Faison parade to commemorate farm market history
By News-Argus Staff
Published in News on October 17, 2004 2:03 AM
Faison will celebrate a piece of farming history on Saturday.
Faison's Market Day will start at 10 a.m. with a parade down N.C. 403 and an opening ceremony at 11 a.m. downtown.
The parade will begin about a mile west of town on N.C. 403 where, in 1947, a group of 11 people who were buying from the first market downtown started their own market and called it the Faison Fruit and Vegetable Exchange. The parade will end where the first market stood downtown.
The first market, the Faison Auction, had been built by the town in the late 1920s to keep up with increasing demands for fresh fruits and vegetables. Its first year, the town shipped out 440 railroad car loads of cucumbers from the little shed by the tracks between the bank and the depot.
In its 24th season, the new market was selling 980,000 packages of produce and making more than $2.9 million. Big diesel trucks would roll out of Faison destined for many places, some as far away as Nova Scotia, Chicago, Florida, California, Alaska and Canada, said Ann Taylor, Faison historian and member of the Faison Improvement Group, which is sponsoring the event.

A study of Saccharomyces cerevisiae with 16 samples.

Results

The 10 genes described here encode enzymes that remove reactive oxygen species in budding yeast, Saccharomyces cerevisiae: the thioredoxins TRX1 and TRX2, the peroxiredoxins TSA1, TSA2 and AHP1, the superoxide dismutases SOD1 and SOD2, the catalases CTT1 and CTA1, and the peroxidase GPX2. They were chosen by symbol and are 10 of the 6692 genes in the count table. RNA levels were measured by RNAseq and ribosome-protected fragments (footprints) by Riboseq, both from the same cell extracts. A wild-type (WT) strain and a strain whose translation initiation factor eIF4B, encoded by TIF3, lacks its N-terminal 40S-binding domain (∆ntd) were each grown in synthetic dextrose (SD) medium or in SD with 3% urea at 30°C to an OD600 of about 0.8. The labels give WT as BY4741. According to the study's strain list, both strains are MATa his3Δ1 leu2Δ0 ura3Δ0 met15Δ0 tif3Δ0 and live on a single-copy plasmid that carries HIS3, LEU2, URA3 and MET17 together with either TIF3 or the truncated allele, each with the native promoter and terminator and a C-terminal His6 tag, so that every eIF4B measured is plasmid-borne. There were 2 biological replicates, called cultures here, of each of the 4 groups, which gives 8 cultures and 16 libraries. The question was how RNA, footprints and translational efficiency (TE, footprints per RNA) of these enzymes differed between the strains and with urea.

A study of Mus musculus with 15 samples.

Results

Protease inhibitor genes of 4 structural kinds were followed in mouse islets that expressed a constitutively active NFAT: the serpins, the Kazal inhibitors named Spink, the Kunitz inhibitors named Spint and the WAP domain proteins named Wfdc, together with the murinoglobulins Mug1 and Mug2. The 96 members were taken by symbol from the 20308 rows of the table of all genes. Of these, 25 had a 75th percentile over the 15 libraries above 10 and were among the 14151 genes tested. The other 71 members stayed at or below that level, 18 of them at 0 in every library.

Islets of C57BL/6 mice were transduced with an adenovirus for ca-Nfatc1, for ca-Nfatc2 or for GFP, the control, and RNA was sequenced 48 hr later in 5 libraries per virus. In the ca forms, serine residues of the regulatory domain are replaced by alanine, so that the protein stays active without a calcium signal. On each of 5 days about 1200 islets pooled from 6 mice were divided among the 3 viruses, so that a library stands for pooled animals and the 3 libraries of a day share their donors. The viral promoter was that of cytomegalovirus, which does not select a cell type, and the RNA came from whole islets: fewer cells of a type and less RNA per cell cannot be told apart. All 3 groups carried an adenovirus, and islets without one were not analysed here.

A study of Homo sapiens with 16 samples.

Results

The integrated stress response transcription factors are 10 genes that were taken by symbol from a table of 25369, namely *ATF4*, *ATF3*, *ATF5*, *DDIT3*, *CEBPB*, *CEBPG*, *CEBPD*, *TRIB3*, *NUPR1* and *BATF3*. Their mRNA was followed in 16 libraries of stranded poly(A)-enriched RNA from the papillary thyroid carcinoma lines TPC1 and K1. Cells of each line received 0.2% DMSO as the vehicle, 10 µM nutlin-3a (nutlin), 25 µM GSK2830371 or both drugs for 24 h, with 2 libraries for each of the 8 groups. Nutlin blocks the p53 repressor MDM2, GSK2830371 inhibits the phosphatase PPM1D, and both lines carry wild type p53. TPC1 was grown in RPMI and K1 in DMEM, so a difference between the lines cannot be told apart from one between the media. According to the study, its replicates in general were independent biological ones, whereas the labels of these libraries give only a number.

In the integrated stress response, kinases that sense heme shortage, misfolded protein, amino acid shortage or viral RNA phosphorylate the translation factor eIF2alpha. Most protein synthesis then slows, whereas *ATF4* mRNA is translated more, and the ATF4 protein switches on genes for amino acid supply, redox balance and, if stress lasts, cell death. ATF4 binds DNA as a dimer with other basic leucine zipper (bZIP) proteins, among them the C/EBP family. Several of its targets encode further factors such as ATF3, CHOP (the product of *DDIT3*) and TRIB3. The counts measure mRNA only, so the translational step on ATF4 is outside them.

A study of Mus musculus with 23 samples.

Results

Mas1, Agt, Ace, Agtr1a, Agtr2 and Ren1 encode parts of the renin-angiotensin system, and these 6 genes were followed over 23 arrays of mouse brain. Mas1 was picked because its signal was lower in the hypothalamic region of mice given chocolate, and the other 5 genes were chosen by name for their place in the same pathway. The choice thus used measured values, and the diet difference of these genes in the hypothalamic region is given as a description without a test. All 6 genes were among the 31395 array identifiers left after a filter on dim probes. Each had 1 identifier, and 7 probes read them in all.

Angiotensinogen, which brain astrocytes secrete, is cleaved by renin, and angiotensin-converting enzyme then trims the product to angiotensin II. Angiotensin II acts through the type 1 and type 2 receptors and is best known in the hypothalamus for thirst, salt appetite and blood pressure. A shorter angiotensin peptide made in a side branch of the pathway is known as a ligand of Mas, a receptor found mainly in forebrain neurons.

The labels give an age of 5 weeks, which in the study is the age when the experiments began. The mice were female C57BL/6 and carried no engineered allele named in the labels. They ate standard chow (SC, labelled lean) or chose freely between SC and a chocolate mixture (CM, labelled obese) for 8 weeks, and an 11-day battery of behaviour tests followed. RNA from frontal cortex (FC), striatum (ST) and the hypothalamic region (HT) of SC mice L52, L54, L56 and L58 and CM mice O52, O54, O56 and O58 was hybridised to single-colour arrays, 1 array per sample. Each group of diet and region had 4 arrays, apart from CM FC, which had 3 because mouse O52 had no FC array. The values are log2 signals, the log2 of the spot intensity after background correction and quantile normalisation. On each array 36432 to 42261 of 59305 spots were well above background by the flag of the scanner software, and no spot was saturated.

But by 1998, she said, farmers were no longer lining up for miles in trucks, cars, even horse and wagons. Some people attributed the decline in market activity to changes in lifestyle. More farmers were going into hog farming or the poultry business rather than raising produce. Also, many farmers were dealing directly with ready markets and no longer going through "middle men."
The farmers of the produce market left a legacy of hard work, dedication and ingenuity, she said.
"Like the market and the buyers, they are never to be forgotten," she said. "The Faison Improvement Group and the community hold them in great regard."